Once you hit your creative flow, working on your manuscript can be a blast. But sometimes, the muse just doesn’t want to come. Well, forget the muse–you can get the creative juices flowing all on your own.
I’ve spent five years in the creative industry, and when a client deadline hits, you need something to show them whether your muse visits or not. I’ve learned a few tricks along the way to keep myself inspired.
And fortunately, I’ve learned how to adapt those tricks to keep my manuscript on track, too. The best part? Anyone can learn to apply these tricks to keep inspired . . . here’s how to do it:
This one’s a classic, and with good reason. Write down what you’re stuck on in the form of a question (“What would my hero do next?”). Set a timer for five minutes, and write down as many answers to that question as you can think of before time runs out. No judgement here–write down everything, the great, the stupid, the crazy–it’s all about quantity.
When the timer dings, you’ll have a page or more chock full of options. A few are bound to be good ones.
Usually, I type my content right into Word. But when I’m stuck, I often find my fingers are itching for a pencil. When I give in and switch to paper, it never takes long for me to be caught in the flow of creation again. If you already write by hand, try switching to a computer, or writing with your non-dominant hand for a while. Something about changing your physical motion triggers different things in your brain.
Talk it out
Grab an understanding friend, or even just pretend there’s one in the room with you. Explain your problem to him or her out loud. Listen to their response (yes, even if they’re not really there). If you watched this year’s Golden Globes, you know Quentin Tarantino uses this method.
When you share your ideas with someone else, your mind has a way of filling in the gaps in response. How can you argue with a process that brought us Kill Bill?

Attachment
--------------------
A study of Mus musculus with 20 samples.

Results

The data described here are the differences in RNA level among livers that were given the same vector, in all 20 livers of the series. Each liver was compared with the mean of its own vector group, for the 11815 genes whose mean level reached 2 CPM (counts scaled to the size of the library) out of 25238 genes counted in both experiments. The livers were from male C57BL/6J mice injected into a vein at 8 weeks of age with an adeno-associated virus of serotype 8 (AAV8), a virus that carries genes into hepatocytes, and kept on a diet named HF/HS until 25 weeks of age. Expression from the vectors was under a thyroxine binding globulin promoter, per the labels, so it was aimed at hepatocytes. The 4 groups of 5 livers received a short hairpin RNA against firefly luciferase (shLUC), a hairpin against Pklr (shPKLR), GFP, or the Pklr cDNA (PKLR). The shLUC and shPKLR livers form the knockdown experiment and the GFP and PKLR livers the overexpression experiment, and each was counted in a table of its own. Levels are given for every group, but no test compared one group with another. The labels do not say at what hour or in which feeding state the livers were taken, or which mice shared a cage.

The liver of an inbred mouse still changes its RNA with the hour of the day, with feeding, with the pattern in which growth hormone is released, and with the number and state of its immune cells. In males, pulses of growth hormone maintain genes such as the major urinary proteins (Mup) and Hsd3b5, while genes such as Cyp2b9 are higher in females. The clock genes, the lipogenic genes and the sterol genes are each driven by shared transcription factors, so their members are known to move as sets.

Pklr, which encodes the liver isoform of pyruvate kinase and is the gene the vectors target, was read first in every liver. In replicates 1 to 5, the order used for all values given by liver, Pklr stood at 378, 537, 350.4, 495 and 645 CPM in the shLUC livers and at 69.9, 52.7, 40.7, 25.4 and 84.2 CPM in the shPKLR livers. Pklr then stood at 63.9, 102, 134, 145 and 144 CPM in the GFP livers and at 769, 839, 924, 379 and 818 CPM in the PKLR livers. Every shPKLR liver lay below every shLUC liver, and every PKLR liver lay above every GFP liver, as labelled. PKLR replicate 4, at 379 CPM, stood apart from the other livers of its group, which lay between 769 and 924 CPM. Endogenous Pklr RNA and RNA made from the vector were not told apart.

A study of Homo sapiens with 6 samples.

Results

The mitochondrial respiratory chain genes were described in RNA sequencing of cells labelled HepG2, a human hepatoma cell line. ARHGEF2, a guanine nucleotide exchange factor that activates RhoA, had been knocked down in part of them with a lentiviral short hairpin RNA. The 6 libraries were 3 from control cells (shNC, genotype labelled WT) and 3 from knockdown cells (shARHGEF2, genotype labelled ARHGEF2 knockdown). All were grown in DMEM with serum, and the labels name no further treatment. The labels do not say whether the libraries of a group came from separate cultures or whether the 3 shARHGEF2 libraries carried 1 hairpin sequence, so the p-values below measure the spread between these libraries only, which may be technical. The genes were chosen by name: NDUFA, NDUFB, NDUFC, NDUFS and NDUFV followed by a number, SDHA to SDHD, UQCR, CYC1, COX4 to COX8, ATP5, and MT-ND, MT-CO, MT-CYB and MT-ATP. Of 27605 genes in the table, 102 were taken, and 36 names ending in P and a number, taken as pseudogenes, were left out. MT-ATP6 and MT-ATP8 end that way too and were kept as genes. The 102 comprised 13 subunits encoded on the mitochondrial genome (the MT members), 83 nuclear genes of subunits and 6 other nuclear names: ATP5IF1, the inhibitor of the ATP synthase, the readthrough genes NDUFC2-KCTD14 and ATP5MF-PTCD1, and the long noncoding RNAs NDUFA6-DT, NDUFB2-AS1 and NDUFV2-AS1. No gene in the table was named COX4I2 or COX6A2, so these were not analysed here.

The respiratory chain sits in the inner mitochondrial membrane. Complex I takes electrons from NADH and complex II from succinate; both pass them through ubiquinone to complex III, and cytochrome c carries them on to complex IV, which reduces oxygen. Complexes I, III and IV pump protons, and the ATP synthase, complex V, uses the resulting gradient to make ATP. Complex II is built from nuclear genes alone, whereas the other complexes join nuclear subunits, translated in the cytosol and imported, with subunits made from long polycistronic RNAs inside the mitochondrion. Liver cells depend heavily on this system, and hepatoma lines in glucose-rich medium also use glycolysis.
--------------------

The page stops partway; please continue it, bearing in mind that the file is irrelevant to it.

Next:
Try on a new perspective
My first magazine job, when I couldn’t come up with a lede I was happy with for an article, I tried to think of what my editor would write. This resulted in some of my very best intros. It works for fiction, too. Need a fresh start on a scene? How would your villain see things? A side character? Your mother? Your favorite author?
What’s the craziest thing that could happen in your novel? Or the worst? These two questions give me a whole new spin on plot development, compared to the usual question, “What happens next?” It’s an excellent way to bring your characters fresh, high-stakes challenges.
Many of us squeeze in our writing time in between a lot of other demands in our lives. So when we do get to sit down and write, that time is precious. Don’t waste it waiting for your muse to come around. Next time you get stuck, experiment with these tricks and you should hit a creative flow in no time.
By day, Emily Wenstrom, is the editor of short story website wordhaus, author social media coach, and freelance content marketing specialist. By early-early morning, she is E. J. Wenstrom, an award-winning sci-fi and fantasy author whose debut novel Mud was named 2016 Book of the Year by the Florida Writers Association.